Date of Graduation

12-2013

Document Type

Dissertation

Degree Name

Doctor of Philosophy in Microelectronics-Photonics (PhD)

Degree Level

Graduate

Department

Graduate School

Advisor

Taeksoo Ji

Committee Member

Simon Ang

Second Committee Member

Z. Ryan Tian

Third Committee Member

Shui-Qing (Fisher) Yu

Fourth Committee Member

Kenneth Vickers

Keywords

Applied sciences; Metal-semiconductor-metal; Nanorods; Transient response; Ultraviolet detector; Wheatstone bridge; Zinc oxide

Abstract

This research work, for the first time, investigated metal semiconductor-metal (MSM) zine oxide (ZnO) nanorod based ultra-violet (UV) detectors having a Wheatstone bridge design with a high

responsivity at room temperature and above, as well as a responsivity that was largely independent of the change in ambient conditions. The ZnO nanorods which acted as the sensing element of the detector were grown by a chemical growth technique. Studies were conducted to determine the effects on ZnO nanorod properties by varying the concentration of the chemicals used for the rod growth. These studies showed how the rod diameter and the deposition of ZnO nanorods from the solution was controlled by varying the concentration of the chemicals used for the rod growth. Conventional MSM UV detectors were fabricated with ZnO nanorods grown under optimized conditions to determine the dependence of UV response on electrode dimension and rod dimension. These studies gave insights into the dependence of UV response on the width of the electrode, spacing between the electrodes, density of the rod growth, and length and diameter of the rods. The UV responsivity was affected by varying the number of times the seed layer was spin coated, by varying the spin speed of seed layer coating and by varying the annealing temperature of the seed and rod. Based on these studies, optimum conditions for the fabrication of Wheatstone bridge UV ZnO nanorod detectors were determined. The Wheatstone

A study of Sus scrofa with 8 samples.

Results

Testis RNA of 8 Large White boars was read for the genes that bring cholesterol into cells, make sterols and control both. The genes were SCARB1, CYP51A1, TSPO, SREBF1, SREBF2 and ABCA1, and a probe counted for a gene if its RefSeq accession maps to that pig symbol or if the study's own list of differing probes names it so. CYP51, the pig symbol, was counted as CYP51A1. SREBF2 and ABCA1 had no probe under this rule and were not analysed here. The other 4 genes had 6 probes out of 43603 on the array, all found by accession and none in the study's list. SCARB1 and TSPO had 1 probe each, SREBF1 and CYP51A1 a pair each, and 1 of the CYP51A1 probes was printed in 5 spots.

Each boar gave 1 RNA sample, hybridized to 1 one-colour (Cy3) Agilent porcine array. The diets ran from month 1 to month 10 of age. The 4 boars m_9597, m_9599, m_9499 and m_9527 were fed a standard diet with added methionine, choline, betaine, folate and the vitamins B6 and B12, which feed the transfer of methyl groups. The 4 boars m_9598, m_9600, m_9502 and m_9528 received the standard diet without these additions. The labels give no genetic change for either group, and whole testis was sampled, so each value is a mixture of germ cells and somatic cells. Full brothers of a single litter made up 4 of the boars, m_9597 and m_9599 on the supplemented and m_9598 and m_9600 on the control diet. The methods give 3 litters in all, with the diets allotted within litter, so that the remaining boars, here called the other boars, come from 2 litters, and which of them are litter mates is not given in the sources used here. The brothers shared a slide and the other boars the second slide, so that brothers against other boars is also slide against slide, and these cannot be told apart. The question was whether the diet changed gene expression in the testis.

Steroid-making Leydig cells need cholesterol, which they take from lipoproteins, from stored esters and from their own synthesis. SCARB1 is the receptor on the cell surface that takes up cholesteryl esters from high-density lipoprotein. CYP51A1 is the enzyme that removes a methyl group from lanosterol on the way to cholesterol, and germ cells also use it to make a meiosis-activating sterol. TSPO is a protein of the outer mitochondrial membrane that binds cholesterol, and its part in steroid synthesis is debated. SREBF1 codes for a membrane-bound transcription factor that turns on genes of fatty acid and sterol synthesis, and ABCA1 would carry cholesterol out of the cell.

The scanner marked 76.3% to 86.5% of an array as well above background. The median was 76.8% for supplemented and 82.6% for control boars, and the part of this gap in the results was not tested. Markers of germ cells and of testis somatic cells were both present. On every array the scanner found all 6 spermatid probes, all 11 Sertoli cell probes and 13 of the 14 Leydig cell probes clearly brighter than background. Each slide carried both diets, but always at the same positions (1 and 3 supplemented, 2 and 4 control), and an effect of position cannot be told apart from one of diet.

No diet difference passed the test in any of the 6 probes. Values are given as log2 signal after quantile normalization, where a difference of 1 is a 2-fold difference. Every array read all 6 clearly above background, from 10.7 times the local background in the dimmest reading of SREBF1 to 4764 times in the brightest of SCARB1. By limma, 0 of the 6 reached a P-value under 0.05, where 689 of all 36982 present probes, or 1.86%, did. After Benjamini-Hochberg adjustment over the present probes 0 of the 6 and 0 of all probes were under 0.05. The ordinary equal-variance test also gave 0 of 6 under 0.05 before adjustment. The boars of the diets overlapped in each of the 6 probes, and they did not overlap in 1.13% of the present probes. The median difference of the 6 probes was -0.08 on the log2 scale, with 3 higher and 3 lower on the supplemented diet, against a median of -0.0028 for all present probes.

bridge ZnO nanorod UV detectors were fabricated in three different configurations, namely, symmetric, asymmetric, and quasi-symmetric. The transient responses of the symmetric, asymmetric and quasi-symmetric configurations at room temperature and above showed how the response stability differed. At high temperature the responsivity of quasi-symmetric Wheatstone bridge detector configuration did not drop after saturation and the responsivity drifted by 17% to 25% from the room temperature response.The responsivity of quasisymmetric Wheatstone bridge configuration with good temperature stability was 1.16 A/W, while those of conventional MSM UV detectors were approximately 60 A/W. However, the quasi-symmetric Wheatstone bridge with responsivity 1.16 A/W was higher than the commercially available detector having responsivity of only about 0.1 A/W. Though the response of quasi-symmetric Wheatstone bridge detector was higher than the detectors available

commercially, the response time was very high. The response time of quasi-symmetric Wheatstone bridge was approximately 159 seconds at room temperature, while that of commercially available detectors is of the order of microseconds. If the quasi-symmetric

Wheatstone bridge has to compete with current commercially available detectors, then the response time should be brought down from seconds to microseconds. Based on these studies, an

improved design of the quasi-symmetric Wheatstone bridge UV detector with the ZnO rods oriented parallel to the substrate instead of oriented vertical to the substrate was proposed.